In May 2007, dark rainclouds collected over Palmyra in the Syrian Desert. Bored Syrian conscripts in ancient costumes stood around like extras in a low-budget historical drama. Bashar Al Assad was meeting the emir of Qatar, a meeting inconceivable today.
The clouds of war have since blown back and forth several times across the historical city of Palmyra and its surrounding gasfields. But even as Mr Al Assad and his Russian backers unravel Syria's latest ceasefire, various conspiracy theorists persist in blaming this complex, multifaceted war on a single cause: a gas pipeline.
This theory has it that Qatar wanted to export its vast gas reserves to Europe via Syria. The US supported this project to forestall Iran. Iran itself encouraged Mr Al Assad to reject the pipeline in favour of its own plans to send gas to the Mediterranean; Russia, too, wanted to keep Qatari gas out of its plum European markets. Qatar then, according to the theory, turned to supporting the Syrian uprising to overthrow Mr Al Assad and remove the obstacles to its pet project.
Even Al Jazeera carried this story, in a 2012 piece by Pepe Escobar headlined “Syria’s Pipelineistan War”, which revealingly concentrates on Iran and Turkey, not Qatar.
True believers in such conspiracy theories are not deterred by logic. They can find the nefarious hand of oil and gas companies and the US government in any conflict from Mali to Gaza. As Alexander Cockburn wrote of The New York Times foreign correspondent C L Sulzberger, his role was "to fire volley after volley of cliché into the densely packed prejudices of his readers".
Any theory that links US hegemonic imperialism, “Big Oil” skulduggery and Gulf machinations is catnip to western leftist armchair analysts. The Syria gas notion is supported by enough scraps of evidence and half-truths to lend an air of plausibility. There were indeed discussions on an Iran-Iraq-Syria pipeline, and Iranian exports to parts of Iraq are due to start shortly.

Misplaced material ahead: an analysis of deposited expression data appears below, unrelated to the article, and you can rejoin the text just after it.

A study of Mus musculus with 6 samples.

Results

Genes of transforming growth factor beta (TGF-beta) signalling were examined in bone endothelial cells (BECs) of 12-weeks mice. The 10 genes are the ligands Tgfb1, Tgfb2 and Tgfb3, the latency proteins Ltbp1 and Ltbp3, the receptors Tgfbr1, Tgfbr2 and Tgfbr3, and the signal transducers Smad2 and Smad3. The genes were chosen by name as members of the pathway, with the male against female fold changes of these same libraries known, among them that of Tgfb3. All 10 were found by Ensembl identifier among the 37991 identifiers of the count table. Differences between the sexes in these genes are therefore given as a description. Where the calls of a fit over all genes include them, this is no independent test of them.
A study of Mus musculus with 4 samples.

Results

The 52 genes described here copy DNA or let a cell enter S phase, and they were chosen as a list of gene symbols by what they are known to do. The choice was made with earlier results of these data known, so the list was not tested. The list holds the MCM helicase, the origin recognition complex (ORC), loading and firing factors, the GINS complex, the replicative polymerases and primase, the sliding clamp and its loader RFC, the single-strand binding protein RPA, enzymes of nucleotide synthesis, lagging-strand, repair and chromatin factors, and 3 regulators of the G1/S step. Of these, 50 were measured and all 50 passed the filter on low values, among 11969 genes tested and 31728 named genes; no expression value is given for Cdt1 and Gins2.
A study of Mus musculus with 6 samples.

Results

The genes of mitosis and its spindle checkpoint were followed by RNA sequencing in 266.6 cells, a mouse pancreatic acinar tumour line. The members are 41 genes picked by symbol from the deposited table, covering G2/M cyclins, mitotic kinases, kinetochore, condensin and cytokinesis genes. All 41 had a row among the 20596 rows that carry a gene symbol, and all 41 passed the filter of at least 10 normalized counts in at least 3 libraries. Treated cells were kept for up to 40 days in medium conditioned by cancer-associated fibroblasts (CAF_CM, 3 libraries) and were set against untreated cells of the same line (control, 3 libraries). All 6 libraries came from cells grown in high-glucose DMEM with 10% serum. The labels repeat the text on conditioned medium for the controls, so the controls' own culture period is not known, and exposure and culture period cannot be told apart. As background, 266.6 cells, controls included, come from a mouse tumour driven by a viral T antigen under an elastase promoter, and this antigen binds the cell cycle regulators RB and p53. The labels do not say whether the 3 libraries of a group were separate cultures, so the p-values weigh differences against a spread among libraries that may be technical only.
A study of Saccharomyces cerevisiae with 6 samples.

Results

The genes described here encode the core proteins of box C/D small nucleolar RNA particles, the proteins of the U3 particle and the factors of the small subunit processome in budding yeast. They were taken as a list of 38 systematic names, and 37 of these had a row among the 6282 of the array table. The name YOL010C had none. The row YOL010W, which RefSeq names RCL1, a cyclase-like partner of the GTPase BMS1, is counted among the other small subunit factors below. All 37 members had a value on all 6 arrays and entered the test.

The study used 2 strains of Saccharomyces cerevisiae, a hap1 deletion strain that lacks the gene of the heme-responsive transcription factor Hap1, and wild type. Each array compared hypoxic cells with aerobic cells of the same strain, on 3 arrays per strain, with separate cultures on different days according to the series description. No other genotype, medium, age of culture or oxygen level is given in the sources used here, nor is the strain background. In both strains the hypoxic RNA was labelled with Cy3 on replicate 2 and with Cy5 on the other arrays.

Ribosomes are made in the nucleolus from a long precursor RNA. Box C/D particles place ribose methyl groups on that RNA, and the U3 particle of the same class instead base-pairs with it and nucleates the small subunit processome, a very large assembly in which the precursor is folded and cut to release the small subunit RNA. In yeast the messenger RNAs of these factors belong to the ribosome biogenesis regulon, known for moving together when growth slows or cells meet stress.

So the notion may have clouded the Syrian picture for serious analysts and casual observers, and it is still worth dispelling it.
Qatar has not even been able to export its gas to neighbouring Bahrain and Kuwait owing to Saudi opposition. What are the chances it could have constructed such a pipeline across 1,500 kilometres of Saudi territory to Jordan and on to Syria?
Qatar has no problem exporting its gas, in liquefied form, to Europe and the Far East, to a diversity of customers, with no dependence on risky overland pipelines. But if Doha had wanted that much to build its Syrian pipeline, it would have been easier to make the Assads an offer they could not refuse, rather than sponsoring an uncertain and ruinous uprising.
A quick look at a map demolishes the notion of Syria as a key gas nexus. Syria is a dead end: any pipeline to Europe would have to go onwards via Turkey. Iran has a border with Turkey and already sends gas there; it has no need to go via Syria, nor should US officials have had to devote much concern to blocking such a pipeline.
The supposedly competing Iranian route rose to prominence only in July 2011, with the Syrian revolt already under way, and seems more a gesture of Iranian solidarity to its allies in Baghdad and Damascus. The short length of its pipeline to Iraq has been repeatedly delayed by attacks in the volatile province of Diyala; a continuation through Anbar in western Iraq would have been even more vulnerable.
The theory, as with so much misinformation about the Syrian conflict, is dangerous. It turns Mr Al Assad from perpetrator to victim. It paints the Syrian opposition as unwitting pawns of foreign agents. And in simplifying the causes of a very complex war, it makes a diplomatic solution even less likely.
Robin Mills is the chief executive of Qamar Energy, and author of The Myth of the Oil Crisis.